The fiction begins with Andrew Hook's A Knot of Toads. Of all the stories Andrew has contributed to Black Static this is my favourite and is my pick for the best of this issue. It's a thought-provoking take on the themes of fate and destiny which raises more questions than it answers (always a good thing in my opinion). It's told in first person (as are five of the six stories in this issue) which adds to the uncertainty and ambiguity, the narrator himself unsure as to whether he is in control or being controlled, whether his actions - and their outcomes - are predestined or all down to himself. I loved the themes contained in this story and my only criticisms are technical ones; an unfortunate typo suggested one of the characters lived in Wales rather than the Lake District, there's no railway line to Keswick (other than the disused one that's now a path) and no local would use the phrase "Lake Windermere" - as every quiz aficionado knows, there's only one "lake" in the Lake District - all the others are Meres or Waters. Minor quibbles though, and probably (actually, definitely) more an indication of my own pedantry.
Tim Waggoner's The Last Fear is a tight little story about night fears and paranoia. Waking in the night, the protagonist makes the decision to open "The Door", the one which plagues his dreams, dreams in which he has to hurriedly lock it against unseen assailants. What he discovers beyond "The Door" provides just the right amount of ambiguity to make it a well written and entertaining - if not entirely original - story.
Passion Play is Malcolm Devlin's first published story - and a very impressive first it is too. It tells of a police reconstruction of the last reported movements of a missing girl and is cleverly structured with impressive use of flashbacks. The missing girl is Cathy and it's the narrator of the story who is playing her in the reconstruction. The two had been friends and one of the flashbacks describes their discovery of images of the "Cross-Hatch Man" in the Stations of the Cross in their local church. There's a lot going on in this story but it all pulls together brilliantly. There's religious imagery, a real/imaginary monster and themes of identity and perception. It's an incredibly assured piece of writing and I look forward to more from the author.
The Hanging Tree by Maura McHugh is first person narrative number four and tells of the malign influence of the eponymous tree which has a history of suicide attached to it. The narrator was born beneath the tree at the moment her mother discovers the body of her father hanging from it and there are hints throughout that some kind of connection was made at that point with the tree - or something associated with it - influencing and directing her life from then on.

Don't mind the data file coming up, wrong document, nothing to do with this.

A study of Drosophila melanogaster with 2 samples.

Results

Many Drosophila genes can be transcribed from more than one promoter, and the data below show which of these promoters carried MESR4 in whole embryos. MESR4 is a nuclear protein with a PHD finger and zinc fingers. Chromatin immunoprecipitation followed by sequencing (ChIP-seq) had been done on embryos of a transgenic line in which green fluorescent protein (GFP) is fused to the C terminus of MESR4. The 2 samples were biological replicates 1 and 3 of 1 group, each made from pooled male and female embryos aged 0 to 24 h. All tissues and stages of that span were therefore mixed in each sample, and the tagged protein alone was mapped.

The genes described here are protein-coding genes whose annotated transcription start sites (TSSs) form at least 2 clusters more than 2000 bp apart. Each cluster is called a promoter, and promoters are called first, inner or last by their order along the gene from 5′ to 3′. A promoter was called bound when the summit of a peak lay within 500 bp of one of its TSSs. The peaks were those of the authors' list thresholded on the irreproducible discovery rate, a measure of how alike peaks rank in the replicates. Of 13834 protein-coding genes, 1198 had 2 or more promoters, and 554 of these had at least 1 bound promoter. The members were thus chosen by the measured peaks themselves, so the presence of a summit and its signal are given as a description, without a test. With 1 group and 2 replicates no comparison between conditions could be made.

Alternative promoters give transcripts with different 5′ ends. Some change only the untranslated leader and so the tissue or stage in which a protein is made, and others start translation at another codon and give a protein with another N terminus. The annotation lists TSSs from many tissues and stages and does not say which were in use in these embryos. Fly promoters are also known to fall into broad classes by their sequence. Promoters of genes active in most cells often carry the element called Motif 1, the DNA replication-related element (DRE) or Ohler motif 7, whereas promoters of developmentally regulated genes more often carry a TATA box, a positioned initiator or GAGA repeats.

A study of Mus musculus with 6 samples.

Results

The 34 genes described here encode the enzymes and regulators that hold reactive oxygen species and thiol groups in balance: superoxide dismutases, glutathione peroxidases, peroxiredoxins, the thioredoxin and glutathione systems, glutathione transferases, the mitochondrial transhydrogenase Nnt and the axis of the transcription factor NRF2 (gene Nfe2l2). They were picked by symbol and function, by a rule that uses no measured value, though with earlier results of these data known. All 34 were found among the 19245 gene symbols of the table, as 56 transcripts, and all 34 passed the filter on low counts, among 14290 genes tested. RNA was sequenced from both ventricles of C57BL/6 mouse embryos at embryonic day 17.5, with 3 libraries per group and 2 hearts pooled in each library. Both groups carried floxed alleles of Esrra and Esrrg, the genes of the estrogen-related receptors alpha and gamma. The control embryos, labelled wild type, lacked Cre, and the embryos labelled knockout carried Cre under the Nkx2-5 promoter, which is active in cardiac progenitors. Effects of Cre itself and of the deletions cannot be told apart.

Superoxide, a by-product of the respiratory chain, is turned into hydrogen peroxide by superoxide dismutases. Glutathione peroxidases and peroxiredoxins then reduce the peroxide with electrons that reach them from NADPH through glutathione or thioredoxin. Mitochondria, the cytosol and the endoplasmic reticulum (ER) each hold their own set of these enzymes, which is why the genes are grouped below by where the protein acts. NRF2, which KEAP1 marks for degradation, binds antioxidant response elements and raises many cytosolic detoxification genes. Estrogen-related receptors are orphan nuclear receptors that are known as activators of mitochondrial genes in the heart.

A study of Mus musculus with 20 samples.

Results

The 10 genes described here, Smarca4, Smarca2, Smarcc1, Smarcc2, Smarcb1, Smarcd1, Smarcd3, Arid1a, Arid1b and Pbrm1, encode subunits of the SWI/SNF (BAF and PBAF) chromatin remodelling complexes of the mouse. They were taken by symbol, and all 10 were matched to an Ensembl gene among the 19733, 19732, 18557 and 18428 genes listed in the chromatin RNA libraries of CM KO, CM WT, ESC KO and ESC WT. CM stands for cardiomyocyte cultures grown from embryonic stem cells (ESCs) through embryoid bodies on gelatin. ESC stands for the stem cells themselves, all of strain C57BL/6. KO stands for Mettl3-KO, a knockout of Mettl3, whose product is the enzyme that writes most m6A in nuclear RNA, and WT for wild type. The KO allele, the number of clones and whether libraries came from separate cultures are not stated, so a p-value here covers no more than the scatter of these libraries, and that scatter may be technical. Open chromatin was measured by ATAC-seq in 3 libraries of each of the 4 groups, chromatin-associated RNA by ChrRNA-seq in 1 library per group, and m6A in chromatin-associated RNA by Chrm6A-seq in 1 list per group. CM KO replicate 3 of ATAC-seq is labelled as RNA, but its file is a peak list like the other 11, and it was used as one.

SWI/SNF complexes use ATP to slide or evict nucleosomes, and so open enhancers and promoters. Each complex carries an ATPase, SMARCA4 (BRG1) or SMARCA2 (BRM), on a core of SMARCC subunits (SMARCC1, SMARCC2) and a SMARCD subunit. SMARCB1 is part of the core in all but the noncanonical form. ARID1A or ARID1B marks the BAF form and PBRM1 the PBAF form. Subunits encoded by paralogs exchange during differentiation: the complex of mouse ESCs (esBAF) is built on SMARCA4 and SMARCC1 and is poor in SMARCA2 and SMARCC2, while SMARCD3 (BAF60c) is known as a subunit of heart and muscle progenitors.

Passchendaele is an appropriate title, and theme for a story given the centenary of the commencement of the first world war and I have to say, given my own obsession with that particular period in history, I was very much looking forward to reading it. I have to say the story wasn't what I was expecting but that in no way affected my appreciation of it. I liked it very much. The main character is Hewson, a museum curator, visiting the Ypres area in preparation for a new exhibition. Whilst there, he begins to experience strange phenomena, sights and sounds that suggest the landscape around him is haunted - and with its history how could it not be? It's a subtle, atmospheric and poignant story that beautifully captures the horror and waste of the Great War.
The last story is John Grant's His Artist Wife. It's the longest story in the issue and is cleverly constructed to tell a story within a story within a story. There's murder and infidelity in this tale of a pulp-fiction writer working on his latest novel based on the wedding-night disappearance of a composer's wife. There's much life imitating art (or art imitating life) in a twisty, turny story of admittedly unreliable narration. I enjoyed it pretty much until the ending which didn't so much surprise as disappoint me.
Black Static continues to be the flagship publication for literary horror and it's always with much anticipation I await the next issue. You can (and should) buy it here.